Saturday, March 15, 2014

Frozen isn't as gay as everyone thinks

My two older children have just finished their 7th viewing of the new Disney movie Frozen today. They started watching it at ~ 8 AM and haven't stopped since. Why? My guess is catchy tunes like "Let it Go" and "Fixer-Upper" since they walk around the house singing them throughout the week. Maybe it's the main character Elsa and her overcoming fear and self-empowerment. Maybe they love the comedic relief Olaf provides. Maybe, all of the above. One thing I know they don't even think about is how some people are considering the film to be gay propoganda. Yes, Frozen has a character, Oaken, who is depicted as gay. Does this equal gay propaganda? I would say no, it does not. Disney is responding to current life situations and putting it on television. Film gets its inspiration from real life situations. Otherwise, it would not be as popular as it is.

Coming home from Kindergarden the other day, my daughter had an interesting experience. I did not get this first hand, but rather my wife told me later about it. My daughter had been playing with her friend at school and her friend says (and I'm paraphrasing), "we should get married!" to which my daughter replies "That's silly, we can't get married." Then her friend says "no, my mom said that girls can marry girls now." 

My initial gut reaction was to be upset. Why on earth would I have to talk to my daughter about this at the age of 5? Could this not have waited a few more years? I was completely blindsided by such a little thing, and it felt huge at the time. I even called a friend of mine and talked to him about it. 

He set my head on straight. I don't recall the exact details of the conversation. However, I can tell you this. Why should we be skittish of talking to our children about sensitive subjects like this? How is it any different than talking to them about why we Latter-Day Saints don't live together before getting married? Why is this subject considered so appalling or heinous? Why is there such derisive controversy over gay marriage, or the topic in general? What I feel most Christians don't understand is that...

Same-sex marriage is no different than anything else we Latter-Day Saints don't do. We also do not try and force people to adhere to our standards. We invite them to, but we do not twist their arm or use force of law. Some may say we attempt to by not pushing for laws that allow same-sex marriages. I am fairly certain a majority of LDS members would agree that marriage should, in our view, be between a man and a woman. However, we have to respect that other people may not hold the same view. Just like many do not hold the same view of drinking or smoking, or of unmarried couples living together before marriage, that we do. We also shouldn't be preventing them from having their agency and doing those things as long as it doesn't interfere with our lives. Children's movies have long depicted things that we don't do. Dumbo comes to mind with the elephant parade sequence. Dumbo got drunk and hallucinated.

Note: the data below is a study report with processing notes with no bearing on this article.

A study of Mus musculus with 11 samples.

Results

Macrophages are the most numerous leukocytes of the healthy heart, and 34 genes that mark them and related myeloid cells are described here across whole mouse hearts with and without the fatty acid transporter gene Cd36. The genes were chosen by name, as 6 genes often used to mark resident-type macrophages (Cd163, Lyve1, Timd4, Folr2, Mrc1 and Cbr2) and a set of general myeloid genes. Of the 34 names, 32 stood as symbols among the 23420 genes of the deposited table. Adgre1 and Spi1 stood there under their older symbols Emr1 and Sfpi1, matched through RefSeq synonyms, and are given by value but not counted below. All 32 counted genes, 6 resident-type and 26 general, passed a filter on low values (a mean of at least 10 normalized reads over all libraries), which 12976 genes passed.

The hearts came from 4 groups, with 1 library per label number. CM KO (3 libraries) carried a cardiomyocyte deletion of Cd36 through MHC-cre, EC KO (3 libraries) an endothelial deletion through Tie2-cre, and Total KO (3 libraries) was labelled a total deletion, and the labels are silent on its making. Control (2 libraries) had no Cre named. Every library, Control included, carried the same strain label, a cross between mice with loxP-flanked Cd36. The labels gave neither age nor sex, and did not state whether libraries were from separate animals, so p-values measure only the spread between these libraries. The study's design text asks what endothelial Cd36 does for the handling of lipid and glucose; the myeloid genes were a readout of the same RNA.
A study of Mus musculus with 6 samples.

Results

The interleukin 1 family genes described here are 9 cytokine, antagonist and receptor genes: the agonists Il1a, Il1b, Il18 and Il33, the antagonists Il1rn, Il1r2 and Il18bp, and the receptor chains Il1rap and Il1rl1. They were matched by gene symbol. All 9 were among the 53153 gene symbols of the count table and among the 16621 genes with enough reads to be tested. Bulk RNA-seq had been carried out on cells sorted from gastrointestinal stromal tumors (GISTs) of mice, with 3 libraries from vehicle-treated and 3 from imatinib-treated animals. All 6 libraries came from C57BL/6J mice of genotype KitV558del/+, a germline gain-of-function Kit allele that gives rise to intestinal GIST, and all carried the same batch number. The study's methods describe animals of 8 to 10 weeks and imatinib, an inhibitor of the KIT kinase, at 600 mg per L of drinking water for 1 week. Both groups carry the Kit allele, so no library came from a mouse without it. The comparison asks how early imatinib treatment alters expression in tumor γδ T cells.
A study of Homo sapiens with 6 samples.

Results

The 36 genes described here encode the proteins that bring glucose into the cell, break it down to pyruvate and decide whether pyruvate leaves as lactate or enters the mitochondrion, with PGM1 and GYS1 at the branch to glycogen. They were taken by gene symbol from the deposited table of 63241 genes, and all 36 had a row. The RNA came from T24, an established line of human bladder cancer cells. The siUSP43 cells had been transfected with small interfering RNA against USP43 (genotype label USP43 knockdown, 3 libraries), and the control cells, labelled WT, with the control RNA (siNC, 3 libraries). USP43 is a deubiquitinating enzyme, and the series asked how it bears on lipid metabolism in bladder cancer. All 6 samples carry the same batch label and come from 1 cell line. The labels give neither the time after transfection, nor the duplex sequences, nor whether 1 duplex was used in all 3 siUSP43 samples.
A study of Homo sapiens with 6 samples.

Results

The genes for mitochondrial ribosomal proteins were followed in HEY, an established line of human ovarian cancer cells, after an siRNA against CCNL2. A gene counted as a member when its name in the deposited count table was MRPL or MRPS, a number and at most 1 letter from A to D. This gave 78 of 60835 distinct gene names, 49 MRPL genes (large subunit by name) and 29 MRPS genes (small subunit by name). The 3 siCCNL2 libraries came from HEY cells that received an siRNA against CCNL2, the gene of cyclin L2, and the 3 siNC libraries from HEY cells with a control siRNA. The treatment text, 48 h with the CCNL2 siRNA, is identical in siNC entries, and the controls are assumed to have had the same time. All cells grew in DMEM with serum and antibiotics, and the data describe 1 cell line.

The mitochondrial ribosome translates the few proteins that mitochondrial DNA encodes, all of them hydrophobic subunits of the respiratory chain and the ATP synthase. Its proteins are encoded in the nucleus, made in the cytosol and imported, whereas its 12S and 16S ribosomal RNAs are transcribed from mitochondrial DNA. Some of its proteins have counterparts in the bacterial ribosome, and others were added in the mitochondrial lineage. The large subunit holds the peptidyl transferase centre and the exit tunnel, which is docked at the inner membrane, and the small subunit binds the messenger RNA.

However, there is a militant sub-set of gay-rights activists that are just like militant atheists. These terrorists are no different than the ones we went to war over after Sept 11th. Those terrorists do not represent the majority of Islam or Muslims. Just as these terrorists do not represent the majority of gay-rights supporters. They will not simply stop at acceptance. They scream at us for supposedly doing the very same thing they are doing, shoving it down people's throats. Those are the ones we have to push back against. The ones who hate freedom, religious or otherwise. 

Arizona has a penchant for controversy and I am glad that SB1062 did not pass. It was targeting the wrong thing and vaguely giving way to legal discrimination. The thing it should have been protecting is people's right to not attend or participate in activities that conflict with their beliefs. Is it fair to force participation of events you don't want to go to? I didn't think so.

Many people, including some Latter-Day Saints, do not want to have to "explain" certain things to their children and use that as fodder for voicing their opinions. While I think that is a poor excuse for railing against gay marriage, the other side of the argument needs to understand that they are equally entitled to their opinions as well. Both sides are also allowed to vote according to their own conscience, religiously persuaded or not. Children are growing up in a world where, statistically, at least 1.5 of their classmates are going to have gay parents and at least the same number of classmates will grow up to identify themselves as being same-sex attracted. Remember that the next time a movie comes out  (no pun intended) with an Oaken, we should be talking to our children about the real world because, guess what? There are LGBT people literally everywhere.